4 ways to boost Google privacy
4 min read

4 ways to boost Google privacy

4 ways to boost Google privacy

Keeping up with Google’s privacy changes is a challenge: In the last few months alone, the company redesigned how you manage your account, launched a privacy checkup, and debuted “About me,” a page that displays personal details you’ve shared.

While these updates have helped make privacy more transparent, they’re not a comprehensive solution for users concerned about privacy, said John Sileo, cybersecurity expert and CEO of Sileo.com.

“The average consumer doesn’t know all the ways they’re actually sharing data. Or maybe they think they understand, and then terms and settings change,” he said. “Privacy is a constantly moving target, and the only way for people to stay up-to-date is to familiarize themselves with their settings, and on a regular basis.”

Google collects information from you based on your location, Web history, searches, and more. Here are four key privacy settings to review to ensure that you’re sharing only the data you want.


Google tracks and stores everything you browse and search for online while using its products and services, such as Search and Maps. The company says it uses this information to give you better results and recommendations across its products.

“People are stunned when they learn that Google tracks your browsing and search history,” Sileo said. “When we google stuff, we don’t usually consciously think about what we’re typing in and how Google might share that information externally, now or in the future.”

If you don’t want Google to log and save your search and browsing activity, visit your Google History page to delete it. You can remove individual items by checking the box next to it, or delete an entire day by checking the box next to the date. Then click Delete at the top.

To delete all your history, click Menu > Delete Options > Advanced. Then click “All time” from the drop-down menu, Delete, and Delete again to confirm.

To prevent Google from storing your browsing and search history, pause this setting on your My Account page. Under “Personal info & privacy,” click “Activity controls” and turn off the switch next to “Your searches and browsing activity.” Check to see the box below—“Include history from Chrome and other apps in your Web & App Activity”—is also unchecked.

Google compiles information from your searches and the websites you visit to build a profile of your interests, which the company uses to serve you ads.

If you perform a Google search for things to do in San Francisco, for example, Google might show you ads for discounted sightseeing activities. Or perhaps you gave your Gmail address to an online department store that advertises with Google. That advertiser might share that your email address is in its customer database, and you could see personalized ads from that store.

If your interest profile is inaccurate—or you’re just uncomfortable with allowing advertisers to profit from this behavior-based information—you can turn these settings off, said Mary Ruddy, research director at Gartner.

Sign into your Google Account, and visit Ads Settings. Next to “Ads based on your interests,” click the switch, if it reads On. In the dialog that opens, click the Switch Off link to confirm.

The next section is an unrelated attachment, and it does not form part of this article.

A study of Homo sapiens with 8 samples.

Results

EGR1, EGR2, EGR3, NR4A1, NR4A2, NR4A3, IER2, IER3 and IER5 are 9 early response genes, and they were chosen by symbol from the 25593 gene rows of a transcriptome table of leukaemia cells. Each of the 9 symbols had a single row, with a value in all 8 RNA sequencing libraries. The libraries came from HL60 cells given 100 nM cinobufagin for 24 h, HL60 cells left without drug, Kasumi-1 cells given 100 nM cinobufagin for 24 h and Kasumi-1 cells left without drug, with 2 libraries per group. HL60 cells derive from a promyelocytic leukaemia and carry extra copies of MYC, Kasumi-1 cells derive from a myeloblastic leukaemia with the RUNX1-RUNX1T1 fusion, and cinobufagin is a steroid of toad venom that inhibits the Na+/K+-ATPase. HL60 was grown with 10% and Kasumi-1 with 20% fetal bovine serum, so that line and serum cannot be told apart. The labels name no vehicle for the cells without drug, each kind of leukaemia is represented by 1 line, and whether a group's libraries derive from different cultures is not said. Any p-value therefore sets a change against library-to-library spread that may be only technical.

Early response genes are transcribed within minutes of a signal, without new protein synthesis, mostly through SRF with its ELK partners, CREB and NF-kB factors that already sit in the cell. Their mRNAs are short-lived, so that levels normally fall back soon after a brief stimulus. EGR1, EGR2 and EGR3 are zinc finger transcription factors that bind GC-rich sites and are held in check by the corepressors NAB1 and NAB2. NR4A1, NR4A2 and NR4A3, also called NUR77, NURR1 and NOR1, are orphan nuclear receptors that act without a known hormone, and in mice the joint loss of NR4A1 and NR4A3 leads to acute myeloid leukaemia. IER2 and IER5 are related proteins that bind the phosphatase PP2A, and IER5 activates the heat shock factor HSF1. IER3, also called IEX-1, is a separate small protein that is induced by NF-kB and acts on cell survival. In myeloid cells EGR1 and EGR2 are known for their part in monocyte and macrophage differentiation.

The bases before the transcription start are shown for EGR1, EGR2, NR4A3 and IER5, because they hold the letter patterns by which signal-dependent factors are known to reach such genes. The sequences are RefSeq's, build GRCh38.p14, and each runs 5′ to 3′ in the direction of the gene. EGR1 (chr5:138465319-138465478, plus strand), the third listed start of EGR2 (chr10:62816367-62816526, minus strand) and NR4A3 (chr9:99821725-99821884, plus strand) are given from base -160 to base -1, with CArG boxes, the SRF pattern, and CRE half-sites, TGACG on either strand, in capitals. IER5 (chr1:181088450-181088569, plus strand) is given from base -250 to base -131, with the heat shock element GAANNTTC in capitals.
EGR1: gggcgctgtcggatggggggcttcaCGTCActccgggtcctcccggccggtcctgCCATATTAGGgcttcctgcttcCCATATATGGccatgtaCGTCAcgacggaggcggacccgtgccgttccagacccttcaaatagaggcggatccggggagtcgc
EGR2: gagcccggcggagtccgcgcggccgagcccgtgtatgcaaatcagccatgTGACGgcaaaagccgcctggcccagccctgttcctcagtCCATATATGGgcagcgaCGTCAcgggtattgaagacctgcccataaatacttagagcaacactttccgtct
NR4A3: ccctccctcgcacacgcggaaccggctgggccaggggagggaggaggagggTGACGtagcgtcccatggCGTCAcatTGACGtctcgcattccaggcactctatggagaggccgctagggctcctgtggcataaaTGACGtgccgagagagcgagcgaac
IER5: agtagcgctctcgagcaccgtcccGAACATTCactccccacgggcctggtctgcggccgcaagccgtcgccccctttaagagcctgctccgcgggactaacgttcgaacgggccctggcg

Next, you can opt out of interest-based ads on websites beyond Google. Visit this Ad Settings page, and switch off “Ads based on your interests,” if it’s in the On position. Confirm by clicking Switch Off.

Because Google uses different information to target ads depending on how you interact with Google, you need to perform these steps, once when you’re signed in, when you’re signed out, and again on every device you use.


Google’s Location History tracks you and pinpoints places you visit on a map. The company says it uses this information to make predictions for your frequent commutes and to improve your search results.

To view a map of the places you visited, navigate to your Google Maps Timeline. Use the bar at the top to search your locations by year, month, and day.

Google provides a few options to delete location information. Use the menu in the upper-left corner to view your location for a specific day and delete locations individually, or select a date range to delete locations in bulk. To remove all location history, click the gear icon in the bottom-right corner of the map, and choose “Delete all location history.” You’ll find an option on the bottom of the page to pause location history, which will stop Google’s tracking.

Mobile users should follow separate instructions for Android and iOS devices.


Google’s Shared Endorsements feature displays your profile name and photo next to ads and reviews based on activities such as reviews, Google +1s, follows, and shares. If your friend searches for “Italian food,” for example, Google might serve them an ad for a restaurant you rated, along with your profile picture, name, and review. Google says the purpose of Shared Endorsements is “to help your friends and others find cool stuff online.”

Some users are not comfortable with having their likeness associated with advertising, Sileo says. If that’s the case, log into your Google account, and visit the Shared Endorsement page to turn it off. Find it at the bottom, and uncheck the box beside, “Based on my activity, Google may show my name and profile in shared endorsements that appear in ads.”

“The more you know about privacy settings, the better you can make decisions about what you do and don’t care about,” said Gartner’s Ruddy. “It’s great that Google is offering more control, but many times, it’s up to you to decide how much control you get.”